Promises that the health service would place a greater premium on listening to patients is not borne out by a rise in complaints.
IN light of promises that the Mid Staffordshire Trust scandal and the plethora of problems it unearthed would mark a sea change in the way the NHS operates, it is deeply disappointing that complaints from patients continue to rise.
The number of occasions on which the health ombudsman was required to intervene because individuals felt their complaint was not handled adequately by their local Trust rose in most parts of Yorkshire, indicating that the health service is, regrettably, heading in the wrong direction.
Worryingly, the nature of these complaints also suggests that vows that the NHS has turned over a new leaf lack real foundation.
Poor communication, including the quality and accuracy of information conveyed to patients, was a factor in one third of all complaints, while the attitude and behaviour of staff was another common theme.
Such a picture stands in stark contrast to the promises made two years ago that we would see a more open and communicative NHS in a which a premium was placed on listening to the needs and concerns of patients.
Complaints offer large organisations the opportunity to learn from their mistakes in order to continue to improve the service they provide. As such, they could – and should – be viewed in a positive light.
Furthermore, as a publicly-funded service, health officials must recognise that patients – having paid for their care through taxation – are essentially customers and should be treated accordingly.
These figures, however, offer a clear indication that this mindset has not yet taken root within the NHS at large. The only conclusion is that the organisation still has its work cut out in terms of being the patient-friendly service that the public were promised it would become.
Defra needs a strong voice
IT was perhaps pertinent as thousands of visitors flocked to the ever popular Nidderdale Show, which traditionally brings the agricultural summer show season to a close, that fears were once again raised about the future role of farming in this country.
Speaking at their party conference on the south coast yesterday, Liberal Democrat peer Kate Parminter, former chief executive of the Campaign to Protect Rural England (CPRE), warned that agriculture faces the possibility of being marginalised if Defra is scrapped in the Autumn Spending Review.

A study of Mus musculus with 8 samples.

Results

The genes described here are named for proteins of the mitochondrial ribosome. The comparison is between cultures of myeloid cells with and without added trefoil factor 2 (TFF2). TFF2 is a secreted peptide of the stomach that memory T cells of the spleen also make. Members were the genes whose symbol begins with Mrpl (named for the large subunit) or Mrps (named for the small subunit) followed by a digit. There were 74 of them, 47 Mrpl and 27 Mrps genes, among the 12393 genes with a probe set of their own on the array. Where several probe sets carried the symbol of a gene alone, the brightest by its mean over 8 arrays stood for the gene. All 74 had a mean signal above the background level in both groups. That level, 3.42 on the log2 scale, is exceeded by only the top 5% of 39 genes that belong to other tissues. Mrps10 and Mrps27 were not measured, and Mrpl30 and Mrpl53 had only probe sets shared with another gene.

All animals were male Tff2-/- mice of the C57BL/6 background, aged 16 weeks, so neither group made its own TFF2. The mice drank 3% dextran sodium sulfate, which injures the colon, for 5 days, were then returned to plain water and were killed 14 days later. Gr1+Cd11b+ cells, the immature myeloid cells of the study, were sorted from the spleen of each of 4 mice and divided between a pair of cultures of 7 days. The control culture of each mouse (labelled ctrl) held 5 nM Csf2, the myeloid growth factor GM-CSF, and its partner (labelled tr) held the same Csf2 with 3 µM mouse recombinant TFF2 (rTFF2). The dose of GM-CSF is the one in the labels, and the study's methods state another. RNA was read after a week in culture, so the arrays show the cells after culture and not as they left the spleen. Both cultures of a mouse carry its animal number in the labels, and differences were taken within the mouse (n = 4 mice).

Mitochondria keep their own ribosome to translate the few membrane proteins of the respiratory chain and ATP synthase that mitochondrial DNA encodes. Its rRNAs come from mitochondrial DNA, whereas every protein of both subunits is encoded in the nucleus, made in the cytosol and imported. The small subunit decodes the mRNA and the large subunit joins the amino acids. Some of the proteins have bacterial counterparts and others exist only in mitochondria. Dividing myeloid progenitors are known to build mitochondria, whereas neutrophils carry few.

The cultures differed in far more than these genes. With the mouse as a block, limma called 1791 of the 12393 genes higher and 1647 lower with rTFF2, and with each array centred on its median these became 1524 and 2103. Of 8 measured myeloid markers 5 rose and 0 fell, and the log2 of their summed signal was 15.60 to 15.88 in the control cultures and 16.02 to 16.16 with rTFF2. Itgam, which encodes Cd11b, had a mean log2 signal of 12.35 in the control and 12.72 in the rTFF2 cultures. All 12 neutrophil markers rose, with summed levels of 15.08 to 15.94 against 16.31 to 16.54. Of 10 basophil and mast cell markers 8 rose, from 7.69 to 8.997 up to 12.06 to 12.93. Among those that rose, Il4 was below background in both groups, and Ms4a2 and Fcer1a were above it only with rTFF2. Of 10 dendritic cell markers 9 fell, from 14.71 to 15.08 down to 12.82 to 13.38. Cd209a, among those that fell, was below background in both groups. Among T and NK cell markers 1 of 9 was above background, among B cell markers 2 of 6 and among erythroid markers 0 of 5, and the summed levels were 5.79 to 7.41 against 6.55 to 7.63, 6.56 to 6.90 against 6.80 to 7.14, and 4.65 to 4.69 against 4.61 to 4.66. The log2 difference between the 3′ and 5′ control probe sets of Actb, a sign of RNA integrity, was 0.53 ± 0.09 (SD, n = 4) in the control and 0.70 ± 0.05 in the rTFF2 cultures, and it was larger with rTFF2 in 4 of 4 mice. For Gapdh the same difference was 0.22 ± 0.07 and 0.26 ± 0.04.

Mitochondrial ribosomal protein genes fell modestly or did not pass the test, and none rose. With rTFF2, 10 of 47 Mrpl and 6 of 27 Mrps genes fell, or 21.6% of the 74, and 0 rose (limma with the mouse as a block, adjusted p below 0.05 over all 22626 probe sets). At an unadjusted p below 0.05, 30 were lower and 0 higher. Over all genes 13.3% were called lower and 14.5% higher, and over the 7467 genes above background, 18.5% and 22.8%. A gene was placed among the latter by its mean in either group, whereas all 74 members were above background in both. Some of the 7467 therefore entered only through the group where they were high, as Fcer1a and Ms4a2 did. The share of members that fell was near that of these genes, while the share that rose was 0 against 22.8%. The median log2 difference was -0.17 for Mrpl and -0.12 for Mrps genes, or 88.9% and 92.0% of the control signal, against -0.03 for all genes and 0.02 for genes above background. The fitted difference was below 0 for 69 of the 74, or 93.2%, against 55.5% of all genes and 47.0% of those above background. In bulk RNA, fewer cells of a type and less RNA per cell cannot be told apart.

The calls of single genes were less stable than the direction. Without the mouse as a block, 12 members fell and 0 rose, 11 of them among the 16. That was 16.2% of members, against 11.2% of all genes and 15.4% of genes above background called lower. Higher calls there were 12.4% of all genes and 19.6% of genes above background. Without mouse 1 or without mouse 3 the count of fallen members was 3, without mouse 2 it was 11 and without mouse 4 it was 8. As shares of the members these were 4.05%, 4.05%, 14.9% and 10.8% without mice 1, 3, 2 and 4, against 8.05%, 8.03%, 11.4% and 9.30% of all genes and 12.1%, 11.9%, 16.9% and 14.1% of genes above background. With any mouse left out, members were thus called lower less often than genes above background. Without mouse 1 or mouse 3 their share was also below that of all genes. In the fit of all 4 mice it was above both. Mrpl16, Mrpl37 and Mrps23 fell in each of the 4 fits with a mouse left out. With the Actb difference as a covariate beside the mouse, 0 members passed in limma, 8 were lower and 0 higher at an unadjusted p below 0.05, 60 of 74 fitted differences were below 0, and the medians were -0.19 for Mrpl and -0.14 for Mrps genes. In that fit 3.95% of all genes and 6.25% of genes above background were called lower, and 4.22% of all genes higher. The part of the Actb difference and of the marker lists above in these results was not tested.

She fears that if it is hived off to the Department for Business, Innovation and Skills, farming could be uprooted and taken out of its natural home, with Yorkshire’s rural and flood hit communities among those hardest hit.
Baroness Parminter is right to be concerned and ought to be applauded for speaking out.
Removing the link between farming and the countryside at Government level could have far reaching implications for those whose livelihoods depend on the careful management of the countryside and its precious resources.
Farming is about far more than mere facts and figures and cold, hard economics. It is also about a way of life, one that is inexorably tied to the environment and the rural communities that live and work on the land.
Countryside management requires a strong voice and also a united one. Anything less than this and we run the risk of our farming and rural communities becoming further isolated – and that would be disastrous, not only for Yorkshire but the entire country.
Who should fund new sector?
CLEAN technology – products, services and processes that reduce waste and require as few non-renewable resources as possible – represents a huge growth market.
Innovative companies from this region such as environmentally-friendly cleaning company Xeros stand to play a big part in an industry that will help to make our planet a healthier, more self-sufficient place for the generations that follow.
So the disquiet voiced by John Cridland, director general of the CBI, over the Government’s decision to reduce subsidies to this sector in what it says is an effort to keep down household bills is understandable.
The real question, however, is not whether clean technology should be encouraged but how it should be funded. Householders already facing steep energy bills are entitled to wonder if, having been asked to foot the bill to get it off the ground, they will be entitled to a share of the profts when the sector takes off.